FDA Proposes Ban on Electric Shock Devices

The Food and Drug Administration has proposed a ban of electrical stimulation devices (ESDs) — a controversial tool used to try and stop self-injurious or aggressive behavior — for the second time.

The FDA says ESDs, which deliver electrical shocks through electrodes attached to an individual’s skin, present an unreasonable and substantial risk of illness or injury and should therefore be banned.

The proposed rule would specifically ban the use of ESDs to stop self-injurious or aggressive behavior. The FDA says this kind of treatment presents a number of psychological risks, including depression, anxiety, worsening of underlying symptoms, development of post-traumatic stress disorder, and physical risks such as pain, burns, and tissue damage.

“Notably, some people who exhibit self-injurious or aggressive behavior have intellectual or developmental disabilities that make it difficult for them to communicate or make their own treatment decisions,” said Owen Faris, Ph.D., acting director of the Office of Product Evaluation and Quality (OPEQ) in the FDA’s Center for Devices and Radiological Health, in a statement.

This is the second time the agency has attempted to ban these devices. The FDA first attempted to ban ESDs in 2020, but it was challenged in court and ultimately annulled based on interpretation of the FDA’s authorities under the Federal Food, Drug, and Cosmetic Act (FD&C Act). The act has since changed to clarify that the FDA does have the authority to issue a ban like this as it applies to specific intended uses.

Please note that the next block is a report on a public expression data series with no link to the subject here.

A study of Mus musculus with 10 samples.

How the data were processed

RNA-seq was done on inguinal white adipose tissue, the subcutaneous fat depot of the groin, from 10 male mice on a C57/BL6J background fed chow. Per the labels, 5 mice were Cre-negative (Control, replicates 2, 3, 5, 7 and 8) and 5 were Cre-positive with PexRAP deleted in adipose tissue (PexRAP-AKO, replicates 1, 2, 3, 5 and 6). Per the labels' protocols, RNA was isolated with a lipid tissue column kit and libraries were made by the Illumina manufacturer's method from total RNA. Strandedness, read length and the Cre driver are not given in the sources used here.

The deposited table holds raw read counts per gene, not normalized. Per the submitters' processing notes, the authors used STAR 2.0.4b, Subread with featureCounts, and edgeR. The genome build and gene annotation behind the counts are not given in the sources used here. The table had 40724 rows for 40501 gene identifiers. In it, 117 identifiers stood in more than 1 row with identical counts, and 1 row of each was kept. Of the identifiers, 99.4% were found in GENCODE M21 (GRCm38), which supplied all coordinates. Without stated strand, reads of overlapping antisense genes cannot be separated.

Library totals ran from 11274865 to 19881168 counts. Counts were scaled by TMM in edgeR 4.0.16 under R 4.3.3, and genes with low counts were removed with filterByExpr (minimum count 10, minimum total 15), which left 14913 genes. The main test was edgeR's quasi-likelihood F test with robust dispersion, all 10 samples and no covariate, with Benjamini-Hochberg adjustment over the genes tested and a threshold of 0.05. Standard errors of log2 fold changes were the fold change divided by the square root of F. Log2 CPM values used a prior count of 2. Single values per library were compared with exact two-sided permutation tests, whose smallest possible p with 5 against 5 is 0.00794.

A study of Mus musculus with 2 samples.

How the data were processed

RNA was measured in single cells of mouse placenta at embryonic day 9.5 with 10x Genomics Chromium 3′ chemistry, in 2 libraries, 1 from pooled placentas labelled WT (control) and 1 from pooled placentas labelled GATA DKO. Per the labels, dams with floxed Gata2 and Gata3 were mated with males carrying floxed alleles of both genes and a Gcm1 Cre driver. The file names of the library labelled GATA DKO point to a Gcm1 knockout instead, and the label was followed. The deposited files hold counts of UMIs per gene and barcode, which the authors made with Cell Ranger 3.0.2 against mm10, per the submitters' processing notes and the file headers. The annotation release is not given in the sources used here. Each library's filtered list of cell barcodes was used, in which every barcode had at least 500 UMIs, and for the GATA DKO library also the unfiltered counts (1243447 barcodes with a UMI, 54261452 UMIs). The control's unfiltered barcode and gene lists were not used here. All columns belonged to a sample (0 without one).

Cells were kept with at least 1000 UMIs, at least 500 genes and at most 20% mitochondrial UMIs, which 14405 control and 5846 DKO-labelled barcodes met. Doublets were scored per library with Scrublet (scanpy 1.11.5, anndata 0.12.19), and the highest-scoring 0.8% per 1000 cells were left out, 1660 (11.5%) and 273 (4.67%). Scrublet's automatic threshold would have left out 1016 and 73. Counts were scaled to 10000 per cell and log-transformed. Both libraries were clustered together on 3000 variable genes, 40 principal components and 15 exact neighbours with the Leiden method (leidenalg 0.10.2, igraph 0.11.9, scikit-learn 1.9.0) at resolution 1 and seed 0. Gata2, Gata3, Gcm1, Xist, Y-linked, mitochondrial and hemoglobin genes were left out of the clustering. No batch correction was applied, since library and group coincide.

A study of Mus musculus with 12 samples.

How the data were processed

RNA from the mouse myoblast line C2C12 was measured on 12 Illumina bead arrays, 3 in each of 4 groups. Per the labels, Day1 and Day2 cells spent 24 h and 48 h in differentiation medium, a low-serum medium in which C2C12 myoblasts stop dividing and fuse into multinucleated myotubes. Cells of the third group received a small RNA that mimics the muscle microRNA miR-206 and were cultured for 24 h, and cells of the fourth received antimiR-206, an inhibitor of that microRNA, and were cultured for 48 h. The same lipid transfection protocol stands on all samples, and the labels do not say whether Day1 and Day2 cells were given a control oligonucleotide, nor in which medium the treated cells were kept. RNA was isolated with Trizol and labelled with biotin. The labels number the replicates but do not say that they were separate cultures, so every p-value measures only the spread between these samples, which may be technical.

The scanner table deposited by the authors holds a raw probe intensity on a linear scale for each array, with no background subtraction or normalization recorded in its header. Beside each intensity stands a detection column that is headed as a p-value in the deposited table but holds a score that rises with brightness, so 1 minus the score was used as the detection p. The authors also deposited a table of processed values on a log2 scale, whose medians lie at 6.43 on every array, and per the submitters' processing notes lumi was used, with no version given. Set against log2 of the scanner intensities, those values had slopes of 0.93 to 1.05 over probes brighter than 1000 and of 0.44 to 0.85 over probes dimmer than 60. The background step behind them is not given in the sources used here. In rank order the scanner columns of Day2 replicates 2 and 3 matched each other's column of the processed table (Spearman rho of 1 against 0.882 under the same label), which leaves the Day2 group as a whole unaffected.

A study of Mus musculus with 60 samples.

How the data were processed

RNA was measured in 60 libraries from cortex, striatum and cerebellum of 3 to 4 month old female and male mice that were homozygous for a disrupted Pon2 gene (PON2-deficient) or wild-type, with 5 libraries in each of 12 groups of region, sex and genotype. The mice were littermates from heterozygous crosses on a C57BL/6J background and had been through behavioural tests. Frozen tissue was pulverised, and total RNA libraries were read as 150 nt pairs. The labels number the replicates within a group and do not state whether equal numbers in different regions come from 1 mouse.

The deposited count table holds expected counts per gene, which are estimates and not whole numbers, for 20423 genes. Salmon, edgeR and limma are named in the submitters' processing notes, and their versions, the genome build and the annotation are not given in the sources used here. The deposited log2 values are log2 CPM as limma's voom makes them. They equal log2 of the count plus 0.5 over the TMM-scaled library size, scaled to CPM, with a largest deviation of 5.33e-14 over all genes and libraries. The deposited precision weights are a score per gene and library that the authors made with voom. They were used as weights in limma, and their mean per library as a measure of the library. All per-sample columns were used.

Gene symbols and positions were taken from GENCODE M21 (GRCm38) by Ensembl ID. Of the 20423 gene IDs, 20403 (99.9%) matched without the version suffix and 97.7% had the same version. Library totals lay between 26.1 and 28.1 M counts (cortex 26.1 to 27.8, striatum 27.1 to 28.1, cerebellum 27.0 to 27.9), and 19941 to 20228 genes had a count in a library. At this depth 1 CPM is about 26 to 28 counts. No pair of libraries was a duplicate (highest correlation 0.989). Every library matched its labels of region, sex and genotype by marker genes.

Currently, there is only one United States facility that reportedly uses these devices: the Judge Rotenberg Education Center in Canton, Massachusetts, a special needs day and residential school.

The facility has long faced protests surrounding its use of this method, and many former students have spoken out about the damaging treatment they received there. The FDA estimates that around 50 individuals at the facility currently have a treatment plan that includes the use, or potential use, of an ESD.

The FDA says the latest version of the proposed ban takes into account new information on the risks of using ESDs to treat self-injurious or aggressive behavior. This includes clinical and scientific data, input from experts in the field and state agencies, comments received from the previously proposed rule to ban ESDs, input from patients and parents of individuals who have been treated with ESDs, and disability rights groups, as well as insights from FDA advisory panels.

The agency says the new information supported and did not change “the FDA’s previous determinations regarding the risks and benefits associated with these devices when used for self-injurious or aggressive behavior, or the agency’s conclusion that these devices present unreasonable and substantial risk of illness or injury to the public.”

If it passes, this rule will remove ESDs from the market, and they will no longer be considered legally marketed. But the rule would only technically apply to ESDs intended to be used for self-injurious or aggressive behavior — not aversive conditioning devices used for other purposes, such as to quit smoking.

From now until May 28, anyone can comment on the proposed rule and provide their input. The FDA will then review and consider the comments before determining whether to issue a final rule.